Britain’s Prince Philip, the 99-year-old husband of Queen Elizabeth, was transferred to a different hospital in central London on Monday to have tests for a pre-existing heart condition as well as receive treatment for an infection.

Philip, the Duke of Edinburgh, was admitted to London’s private King Edward VII hospital two weeks ago for treatment for an unspecified infection that is not related to COVID-19.


The palace said in a statement, “The Duke of Edinburgh was today transferred from King Edward VII’s Hospital to St Bartholomew’s Hospital where doctors will continue to treat him for an infection, as well as undertake testing and observation for a pre-existing heart condition.

“The Duke remains comfortable and is responding to treatment but is expected to remain in hospital until at least the end of the week.”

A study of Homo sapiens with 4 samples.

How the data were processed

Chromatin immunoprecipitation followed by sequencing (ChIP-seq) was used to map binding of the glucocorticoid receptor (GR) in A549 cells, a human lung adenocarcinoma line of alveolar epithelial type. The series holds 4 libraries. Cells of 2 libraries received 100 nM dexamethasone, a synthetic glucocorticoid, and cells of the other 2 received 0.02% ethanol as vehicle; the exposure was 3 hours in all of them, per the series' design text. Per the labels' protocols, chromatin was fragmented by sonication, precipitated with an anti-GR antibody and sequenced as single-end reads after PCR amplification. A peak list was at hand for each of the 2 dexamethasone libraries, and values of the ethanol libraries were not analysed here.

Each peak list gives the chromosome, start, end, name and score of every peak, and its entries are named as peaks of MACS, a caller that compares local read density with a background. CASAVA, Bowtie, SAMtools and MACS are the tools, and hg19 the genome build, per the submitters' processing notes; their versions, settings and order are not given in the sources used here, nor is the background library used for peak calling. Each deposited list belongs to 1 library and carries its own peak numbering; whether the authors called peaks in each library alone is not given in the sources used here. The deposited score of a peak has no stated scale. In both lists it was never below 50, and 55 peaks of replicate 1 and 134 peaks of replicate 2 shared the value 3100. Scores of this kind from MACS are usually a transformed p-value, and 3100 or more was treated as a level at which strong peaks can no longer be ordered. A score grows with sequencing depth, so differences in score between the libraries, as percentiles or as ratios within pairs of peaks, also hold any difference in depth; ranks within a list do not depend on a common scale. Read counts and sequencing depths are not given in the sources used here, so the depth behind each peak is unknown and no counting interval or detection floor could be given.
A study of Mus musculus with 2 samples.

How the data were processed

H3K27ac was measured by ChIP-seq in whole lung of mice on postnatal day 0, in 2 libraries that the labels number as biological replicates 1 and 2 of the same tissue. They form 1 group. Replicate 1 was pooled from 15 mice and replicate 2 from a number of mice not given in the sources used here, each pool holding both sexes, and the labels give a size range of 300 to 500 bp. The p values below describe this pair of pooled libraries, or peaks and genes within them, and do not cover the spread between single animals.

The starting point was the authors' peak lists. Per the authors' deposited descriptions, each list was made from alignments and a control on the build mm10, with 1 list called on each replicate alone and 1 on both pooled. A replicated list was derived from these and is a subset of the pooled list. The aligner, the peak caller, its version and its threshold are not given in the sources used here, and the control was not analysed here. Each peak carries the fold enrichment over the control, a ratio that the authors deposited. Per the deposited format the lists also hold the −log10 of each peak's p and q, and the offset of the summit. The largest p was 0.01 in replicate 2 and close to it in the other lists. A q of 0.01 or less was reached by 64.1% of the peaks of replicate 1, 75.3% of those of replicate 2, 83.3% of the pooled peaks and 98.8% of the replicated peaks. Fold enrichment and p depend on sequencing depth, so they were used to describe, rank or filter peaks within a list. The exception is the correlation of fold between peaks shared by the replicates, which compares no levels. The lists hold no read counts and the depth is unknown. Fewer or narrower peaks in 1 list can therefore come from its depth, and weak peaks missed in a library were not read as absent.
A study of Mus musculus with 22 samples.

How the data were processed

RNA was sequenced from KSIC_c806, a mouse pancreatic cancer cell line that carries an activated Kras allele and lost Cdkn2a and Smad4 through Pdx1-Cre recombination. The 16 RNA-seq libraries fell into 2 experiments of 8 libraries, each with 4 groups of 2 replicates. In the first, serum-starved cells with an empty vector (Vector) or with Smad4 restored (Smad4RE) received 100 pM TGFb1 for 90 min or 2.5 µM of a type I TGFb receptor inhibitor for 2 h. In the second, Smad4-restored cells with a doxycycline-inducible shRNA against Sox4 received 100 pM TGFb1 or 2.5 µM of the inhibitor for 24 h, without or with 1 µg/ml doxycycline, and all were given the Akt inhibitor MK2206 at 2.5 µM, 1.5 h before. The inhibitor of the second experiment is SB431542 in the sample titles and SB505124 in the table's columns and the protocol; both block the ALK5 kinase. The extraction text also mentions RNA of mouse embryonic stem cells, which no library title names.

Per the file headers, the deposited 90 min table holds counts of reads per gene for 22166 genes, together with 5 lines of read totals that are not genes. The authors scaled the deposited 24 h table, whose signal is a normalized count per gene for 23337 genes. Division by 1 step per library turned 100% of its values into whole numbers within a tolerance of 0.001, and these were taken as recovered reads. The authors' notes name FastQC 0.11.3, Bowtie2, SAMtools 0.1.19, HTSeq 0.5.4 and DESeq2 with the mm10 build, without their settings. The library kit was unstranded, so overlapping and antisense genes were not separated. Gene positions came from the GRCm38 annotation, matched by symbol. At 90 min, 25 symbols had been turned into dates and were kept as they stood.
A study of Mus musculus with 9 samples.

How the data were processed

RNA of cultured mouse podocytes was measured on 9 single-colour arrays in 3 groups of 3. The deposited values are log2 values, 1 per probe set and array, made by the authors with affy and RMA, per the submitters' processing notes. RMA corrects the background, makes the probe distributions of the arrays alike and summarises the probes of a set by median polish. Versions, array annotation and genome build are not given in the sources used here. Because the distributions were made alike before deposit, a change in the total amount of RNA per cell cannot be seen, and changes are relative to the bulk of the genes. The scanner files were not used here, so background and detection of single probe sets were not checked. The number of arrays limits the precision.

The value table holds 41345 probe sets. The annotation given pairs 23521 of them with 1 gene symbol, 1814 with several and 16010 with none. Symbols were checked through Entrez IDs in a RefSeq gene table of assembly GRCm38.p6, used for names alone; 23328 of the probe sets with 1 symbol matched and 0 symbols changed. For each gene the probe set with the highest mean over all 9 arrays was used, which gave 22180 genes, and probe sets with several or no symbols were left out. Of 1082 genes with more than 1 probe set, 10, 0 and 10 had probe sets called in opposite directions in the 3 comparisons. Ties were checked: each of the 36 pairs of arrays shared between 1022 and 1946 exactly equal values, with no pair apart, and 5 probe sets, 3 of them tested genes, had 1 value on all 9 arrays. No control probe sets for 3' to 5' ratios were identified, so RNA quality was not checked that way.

Photographers and TV crews at the King Edward hospital had earlier seen a patient being moved into an ambulance, shielded from watching media outside by staff with umbrellas and police, although there was no confirmation this was the prince.


They have both received their first dose of the COVID vaccine, and the Duke’s illness is not related to the virus.

Philip has required hospital treatment a number of times in the last decade for a recurrence of a bladder infection and at Christmas in 2011 he had an operation to clear a blocked artery in his heart after being rushed to hospital suffering with chest pains.

Reporting by Michael Holden; editing by Guy Faulconbridge.